While certainly an important part of the game, the occupation of timekeeper in an NCAA Tournament basketball game is not one that requires a breath of education or skill. All you basically need to be able to do is push a button as soon as you hear a whistle.
Sadly, the NCAA has been unable to find a group of individuals who can accomplish this simple task with any effectiveness.
Repeatedly, high-stakes, high-energy basketball games from the first few rounds have been stopped several times inside of the final minute when timekeepers let precious seconds rattle off the clock after the ref's whistle. The oversights are as small as a half-second and have been as large as nine seconds. In most instances, the timekeeper stops the clock around two to three seconds after the ref has blown his whistle and raised his arm.
In the Oregon/Wisconsin "Third Round" matchup, the reaction-time of the finger on the button was reminiscent of a frat boy passed out in a hallway. With just under 20 seconds left in a fiercly close battle, a jump ball was called by the referees. The official timekeeper let another second and a half run off the clock, which took a five minute break to rectify as officials stared into a television screen at half court, only feet away from the very culprit who robbed the final moments of their flow.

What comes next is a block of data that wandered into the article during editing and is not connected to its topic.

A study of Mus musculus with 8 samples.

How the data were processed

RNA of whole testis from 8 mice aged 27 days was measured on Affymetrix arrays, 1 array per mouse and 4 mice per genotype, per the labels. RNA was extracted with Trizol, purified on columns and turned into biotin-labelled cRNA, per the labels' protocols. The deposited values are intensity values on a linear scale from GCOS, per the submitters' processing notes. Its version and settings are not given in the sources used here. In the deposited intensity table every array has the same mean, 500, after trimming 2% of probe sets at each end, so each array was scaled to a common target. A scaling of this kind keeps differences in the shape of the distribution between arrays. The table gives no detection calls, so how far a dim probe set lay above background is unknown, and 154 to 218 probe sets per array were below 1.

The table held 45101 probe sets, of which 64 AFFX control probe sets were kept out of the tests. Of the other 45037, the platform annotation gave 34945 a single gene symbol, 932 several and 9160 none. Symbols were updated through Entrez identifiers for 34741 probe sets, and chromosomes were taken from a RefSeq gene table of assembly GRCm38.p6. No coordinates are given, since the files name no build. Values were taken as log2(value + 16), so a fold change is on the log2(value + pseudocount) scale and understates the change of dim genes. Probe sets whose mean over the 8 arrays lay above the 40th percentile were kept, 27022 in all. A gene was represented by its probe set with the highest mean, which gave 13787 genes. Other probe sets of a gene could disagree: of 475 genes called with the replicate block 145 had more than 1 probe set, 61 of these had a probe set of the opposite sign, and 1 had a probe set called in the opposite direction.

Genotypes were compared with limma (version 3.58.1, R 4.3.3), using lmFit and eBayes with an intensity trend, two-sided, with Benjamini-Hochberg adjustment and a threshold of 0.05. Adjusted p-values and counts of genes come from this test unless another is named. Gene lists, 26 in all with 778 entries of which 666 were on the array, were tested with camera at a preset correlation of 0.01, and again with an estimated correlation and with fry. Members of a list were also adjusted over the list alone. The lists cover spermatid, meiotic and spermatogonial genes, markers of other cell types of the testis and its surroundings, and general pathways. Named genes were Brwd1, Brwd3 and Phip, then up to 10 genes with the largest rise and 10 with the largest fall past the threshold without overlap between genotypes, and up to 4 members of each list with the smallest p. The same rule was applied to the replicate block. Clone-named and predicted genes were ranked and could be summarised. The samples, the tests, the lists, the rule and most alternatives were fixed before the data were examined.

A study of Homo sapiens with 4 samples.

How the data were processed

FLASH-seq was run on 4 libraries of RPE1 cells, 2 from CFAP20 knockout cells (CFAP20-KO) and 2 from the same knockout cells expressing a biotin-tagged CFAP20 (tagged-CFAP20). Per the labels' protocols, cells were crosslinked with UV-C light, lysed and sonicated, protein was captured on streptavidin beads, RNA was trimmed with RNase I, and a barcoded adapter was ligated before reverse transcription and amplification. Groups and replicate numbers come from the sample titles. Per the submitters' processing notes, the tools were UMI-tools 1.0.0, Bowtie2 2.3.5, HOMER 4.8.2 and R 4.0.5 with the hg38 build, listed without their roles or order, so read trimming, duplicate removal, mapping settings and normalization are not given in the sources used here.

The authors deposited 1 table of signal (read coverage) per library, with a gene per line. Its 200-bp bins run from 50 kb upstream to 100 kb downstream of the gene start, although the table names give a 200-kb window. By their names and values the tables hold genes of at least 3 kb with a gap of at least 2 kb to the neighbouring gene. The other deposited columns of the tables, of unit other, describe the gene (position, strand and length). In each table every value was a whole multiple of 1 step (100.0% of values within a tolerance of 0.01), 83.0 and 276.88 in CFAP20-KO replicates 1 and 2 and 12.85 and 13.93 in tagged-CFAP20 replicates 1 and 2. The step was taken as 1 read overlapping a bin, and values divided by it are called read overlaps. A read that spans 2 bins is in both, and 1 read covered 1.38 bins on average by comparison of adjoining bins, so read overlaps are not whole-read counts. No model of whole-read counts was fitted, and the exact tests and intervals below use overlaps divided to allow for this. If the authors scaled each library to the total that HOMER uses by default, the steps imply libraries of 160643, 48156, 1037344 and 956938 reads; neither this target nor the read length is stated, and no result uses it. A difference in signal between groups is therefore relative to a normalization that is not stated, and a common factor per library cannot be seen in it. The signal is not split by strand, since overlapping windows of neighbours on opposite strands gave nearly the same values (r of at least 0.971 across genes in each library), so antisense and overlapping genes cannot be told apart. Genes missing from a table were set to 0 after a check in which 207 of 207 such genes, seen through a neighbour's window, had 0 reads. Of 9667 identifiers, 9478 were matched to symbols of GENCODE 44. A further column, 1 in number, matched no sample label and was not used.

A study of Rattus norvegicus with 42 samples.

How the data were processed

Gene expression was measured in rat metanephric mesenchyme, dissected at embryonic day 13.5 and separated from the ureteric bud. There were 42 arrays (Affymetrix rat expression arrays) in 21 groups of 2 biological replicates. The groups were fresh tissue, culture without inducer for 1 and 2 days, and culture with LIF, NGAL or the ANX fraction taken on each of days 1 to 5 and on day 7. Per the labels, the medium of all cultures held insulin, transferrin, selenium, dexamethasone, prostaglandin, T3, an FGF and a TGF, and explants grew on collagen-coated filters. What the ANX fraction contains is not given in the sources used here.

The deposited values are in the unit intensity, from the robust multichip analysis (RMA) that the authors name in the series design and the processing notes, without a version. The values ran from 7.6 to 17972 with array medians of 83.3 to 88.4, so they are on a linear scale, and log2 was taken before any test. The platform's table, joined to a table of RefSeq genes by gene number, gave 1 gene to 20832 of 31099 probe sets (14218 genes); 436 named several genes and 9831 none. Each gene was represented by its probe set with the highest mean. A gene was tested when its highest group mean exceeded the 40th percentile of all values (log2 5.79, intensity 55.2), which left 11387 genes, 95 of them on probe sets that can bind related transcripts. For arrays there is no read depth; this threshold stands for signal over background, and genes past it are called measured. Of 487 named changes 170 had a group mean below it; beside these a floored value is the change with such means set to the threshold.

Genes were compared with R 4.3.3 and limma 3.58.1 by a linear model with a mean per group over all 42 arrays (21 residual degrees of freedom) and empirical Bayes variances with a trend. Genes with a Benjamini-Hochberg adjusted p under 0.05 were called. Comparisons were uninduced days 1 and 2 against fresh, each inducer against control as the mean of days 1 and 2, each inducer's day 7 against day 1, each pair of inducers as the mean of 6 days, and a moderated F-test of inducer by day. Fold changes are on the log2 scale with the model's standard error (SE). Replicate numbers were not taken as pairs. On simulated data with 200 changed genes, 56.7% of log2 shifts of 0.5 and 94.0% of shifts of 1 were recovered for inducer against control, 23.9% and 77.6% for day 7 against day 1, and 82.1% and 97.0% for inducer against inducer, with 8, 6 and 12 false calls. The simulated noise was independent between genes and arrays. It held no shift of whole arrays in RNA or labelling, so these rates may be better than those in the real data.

Less than 10 seconds of gameplay later, the timekeeper was a full two seconds late stopping the clock after an intentional foul by Oregon. Another five minutes of everyone's life was robbed as the referees congregated and eventually determined the correct amount of time left.
At this point, after two egregious errors in front of a national television crowd slowed the game to a crawl, one would think that the timekeeper would been on their toes.
But a final desperation foul committed by Oregon became the third time-keeping mistake in the final 20 seconds of the game. The clock should have been stopped at about two seconds, but it was allowed to run down to 0.6 seconds. Evidently tired of beating a path to the scorer's table, the refs opted to ignore this infraction given the fact that a Wisconsin victory was clearly in hand.
Such a series of events in the Final Four Round could be riot-provoking, so the NCAA needs to get this sorted out and get capable fingers on the buttons, stat. If you're a person who can push a button when you hear a whistle, now is the perfect time to submit a resume.